Many people and organizations remembered this past December 7th, the anniversary of the Pearl Harbor attack in 1941, in different ways. For some Army units, it was all about readiness. The Forward Support Company (FSC) of the 84th Engineer Battalion decided the iconic date was a fitting choice to alert its personnel in the early morning hours on Oahu and conduct a deployment readiness exercise (DRE). At the helm of the Army's priorities is readiness, and the FSC sought to test its systems and equipment for the possibility of future calls -- real or simulated.

In order to nest the FSC's readiness priorities set by the 84th Engineer Battalion, the FSC Commander, Capt. Nicholas Caito decided it was necessary to focus quarterly training around deployment activities. Setting the conditions for the DRE training back in August 2017, the FSC planned and executed specific Sergeant's Time Training events throughout the quarter to ensure understanding reached all Soldier training levels for tasks such as packing lists, blocking and bracing, hazardous material (HAZMAT) certification, load plans and diagrams, convoy operations, and deployment processing activities. Although the FSC leadership knew about the upcoming DRE, the rest of the unit was left unaware to get the full value out of conducting an alert and training in a realistic, unexpected manner.

"We wanted to make the best combination of meeting the regulatory requirements of a DRE and also training toward our most relevant deployment readiness Mission Essential Tasks," said Caito.

"Despite most of the installation's movement resources and subject matter experts being tied up for a 25th Infantry Division Joint Readiness Training Center movement, we were still able to execute a Level II DRE and show our higher headquarters the FSC is ready to support and project power with little notice," he continued.

In the weeks leading up to the exercise, one of FSC's unit movement officers (UMO), Sgt. 1st Class Edward Thomas, briefed a deployment operation order with a scenario to the unit. This initiated movement among the platoons and sections to prepare Soldier Readiness Processing (SRP) packets, equipment packets for deployment facility processing, and compile packing lists, manifests, and load plans.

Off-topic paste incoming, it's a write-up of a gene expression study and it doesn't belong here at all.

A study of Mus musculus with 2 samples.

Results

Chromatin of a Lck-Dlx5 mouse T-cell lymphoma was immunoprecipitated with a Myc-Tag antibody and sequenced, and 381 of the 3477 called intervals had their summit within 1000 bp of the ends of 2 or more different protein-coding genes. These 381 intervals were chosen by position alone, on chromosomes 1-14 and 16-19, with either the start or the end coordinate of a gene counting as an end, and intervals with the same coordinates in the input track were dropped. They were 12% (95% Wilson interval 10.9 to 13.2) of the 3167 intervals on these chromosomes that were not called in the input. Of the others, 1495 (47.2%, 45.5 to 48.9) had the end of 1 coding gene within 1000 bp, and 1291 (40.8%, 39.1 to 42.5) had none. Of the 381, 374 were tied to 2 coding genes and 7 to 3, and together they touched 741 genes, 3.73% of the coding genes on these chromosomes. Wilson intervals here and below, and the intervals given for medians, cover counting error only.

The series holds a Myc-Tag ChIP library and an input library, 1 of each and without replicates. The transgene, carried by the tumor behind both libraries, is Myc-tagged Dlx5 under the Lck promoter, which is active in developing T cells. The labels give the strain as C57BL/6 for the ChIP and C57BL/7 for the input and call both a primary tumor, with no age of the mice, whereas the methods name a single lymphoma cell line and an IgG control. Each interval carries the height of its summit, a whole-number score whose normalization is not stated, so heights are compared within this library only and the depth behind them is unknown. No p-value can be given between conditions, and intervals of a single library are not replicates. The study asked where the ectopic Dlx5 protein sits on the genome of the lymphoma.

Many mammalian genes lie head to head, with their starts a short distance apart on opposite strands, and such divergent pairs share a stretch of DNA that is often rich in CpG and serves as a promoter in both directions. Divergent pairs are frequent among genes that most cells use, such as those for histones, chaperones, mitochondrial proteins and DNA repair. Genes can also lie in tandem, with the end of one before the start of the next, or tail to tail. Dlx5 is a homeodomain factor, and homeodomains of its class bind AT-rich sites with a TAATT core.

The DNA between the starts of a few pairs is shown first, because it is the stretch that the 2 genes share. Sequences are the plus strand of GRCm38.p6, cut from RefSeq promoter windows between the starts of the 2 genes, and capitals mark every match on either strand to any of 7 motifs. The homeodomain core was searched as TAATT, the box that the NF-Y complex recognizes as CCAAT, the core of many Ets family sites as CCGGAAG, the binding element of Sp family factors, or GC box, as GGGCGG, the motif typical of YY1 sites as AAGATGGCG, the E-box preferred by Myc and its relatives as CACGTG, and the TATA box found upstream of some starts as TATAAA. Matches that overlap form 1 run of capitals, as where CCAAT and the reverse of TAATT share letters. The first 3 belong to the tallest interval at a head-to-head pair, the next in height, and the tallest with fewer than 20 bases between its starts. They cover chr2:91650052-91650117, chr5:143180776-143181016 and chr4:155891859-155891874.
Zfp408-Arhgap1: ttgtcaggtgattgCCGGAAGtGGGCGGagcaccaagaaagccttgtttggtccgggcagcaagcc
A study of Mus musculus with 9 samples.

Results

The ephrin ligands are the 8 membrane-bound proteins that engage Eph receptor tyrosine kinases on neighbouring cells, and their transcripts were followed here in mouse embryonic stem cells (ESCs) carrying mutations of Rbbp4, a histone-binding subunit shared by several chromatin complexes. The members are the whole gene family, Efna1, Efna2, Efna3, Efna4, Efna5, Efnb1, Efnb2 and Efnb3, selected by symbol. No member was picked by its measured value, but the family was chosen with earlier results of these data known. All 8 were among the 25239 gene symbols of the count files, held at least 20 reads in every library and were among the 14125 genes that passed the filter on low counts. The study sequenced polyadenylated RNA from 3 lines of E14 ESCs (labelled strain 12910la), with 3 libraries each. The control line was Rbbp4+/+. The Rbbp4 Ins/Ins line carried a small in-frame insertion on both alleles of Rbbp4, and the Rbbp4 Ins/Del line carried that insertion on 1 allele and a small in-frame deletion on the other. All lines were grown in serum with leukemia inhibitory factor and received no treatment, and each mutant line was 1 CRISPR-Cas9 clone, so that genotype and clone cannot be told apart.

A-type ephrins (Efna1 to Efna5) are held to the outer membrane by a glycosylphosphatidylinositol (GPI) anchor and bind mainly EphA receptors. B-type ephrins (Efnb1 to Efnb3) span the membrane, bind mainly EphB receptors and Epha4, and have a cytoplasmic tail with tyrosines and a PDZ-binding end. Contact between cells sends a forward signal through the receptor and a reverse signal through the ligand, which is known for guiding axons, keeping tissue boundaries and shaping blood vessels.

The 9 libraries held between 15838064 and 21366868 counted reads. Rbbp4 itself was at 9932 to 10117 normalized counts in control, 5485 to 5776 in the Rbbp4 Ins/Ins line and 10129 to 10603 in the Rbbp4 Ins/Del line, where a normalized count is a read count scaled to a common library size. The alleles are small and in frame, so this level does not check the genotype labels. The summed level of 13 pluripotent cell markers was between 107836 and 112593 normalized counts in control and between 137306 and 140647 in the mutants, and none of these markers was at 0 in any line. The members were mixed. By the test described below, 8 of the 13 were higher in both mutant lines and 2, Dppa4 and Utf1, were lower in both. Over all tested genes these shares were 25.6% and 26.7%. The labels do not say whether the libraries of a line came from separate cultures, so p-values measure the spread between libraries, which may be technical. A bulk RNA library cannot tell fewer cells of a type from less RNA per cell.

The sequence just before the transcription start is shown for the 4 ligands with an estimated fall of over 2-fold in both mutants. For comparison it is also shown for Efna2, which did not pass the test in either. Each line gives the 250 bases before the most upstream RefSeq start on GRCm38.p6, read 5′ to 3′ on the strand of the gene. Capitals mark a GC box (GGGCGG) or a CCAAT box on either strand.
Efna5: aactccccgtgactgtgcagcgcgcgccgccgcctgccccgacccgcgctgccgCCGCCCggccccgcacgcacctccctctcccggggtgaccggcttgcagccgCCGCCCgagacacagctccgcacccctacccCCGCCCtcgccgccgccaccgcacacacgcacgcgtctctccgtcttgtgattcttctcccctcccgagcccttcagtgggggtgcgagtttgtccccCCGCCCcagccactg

Staff Sgt. Danvas Rogoncho, the FSC's primary UMO, took charge in making a unit deployment list (UDL) based on the commander's priorities, a staging plan, a route plan to the sea port of embarkation (SPOE) and an execution timeline including all readiness tasks that needed to be completed before the roll-out.

"A Level I DRE is easy for a logistics unit like ours. We wanted to show every other unit that the FSC can do something more," said Rogoncho.

On the morning of the 76th anniversary of the Pearl Harbor attacks, Soldiers of the FSC mustered for the start of the DRE with a 100% accountability alert and conducted Level I SRP with the help from the Battalion's S1 section. Simultaneously, the UMO validated certificates and appointment orders, identified load teams, and ensured its OEL in TC-AIMS II was updated. While these collective activities completed the requirements for a Level I DRE in accordance with Army Regulation 525-93, the FSC had its sights on completing Level II.

Already having their equipment document packets prepared, manifests accurate, and staging plan set, the FSC conducted a mock deployment facility equipment processing event assisted by the battalion maintenance team. 1st Lt. Reed Honken, the distribution platoon leader, gave a convoy brief and prepared the unit to move toward Waipio Point, the SPOE traditionally used by Army watercraft like the 8th Theater Sustainment Command's fleet of logistic support vessels (LSVs).

"LSVs are extremely useful and versatile Army watercraft that we utilize often for inter-island travel. The LSVs can also transport cargo to the mainland and throughout the Pacific, so remaining aware of its capabilities and procedures for loading the vessels are very important and realistic if our unit ever has to move vehicles anywhere," said Honken.

As the culminating event for the quarter, the DRE was a successful training event which fostered a sense of realistic urgency and readiness to enable engineer capabilities throughout the region. Supporting the Army's top priority of readiness, the event ensured Soldiers have the training they need to deploy, fight and win across the entire spectrum of conflict.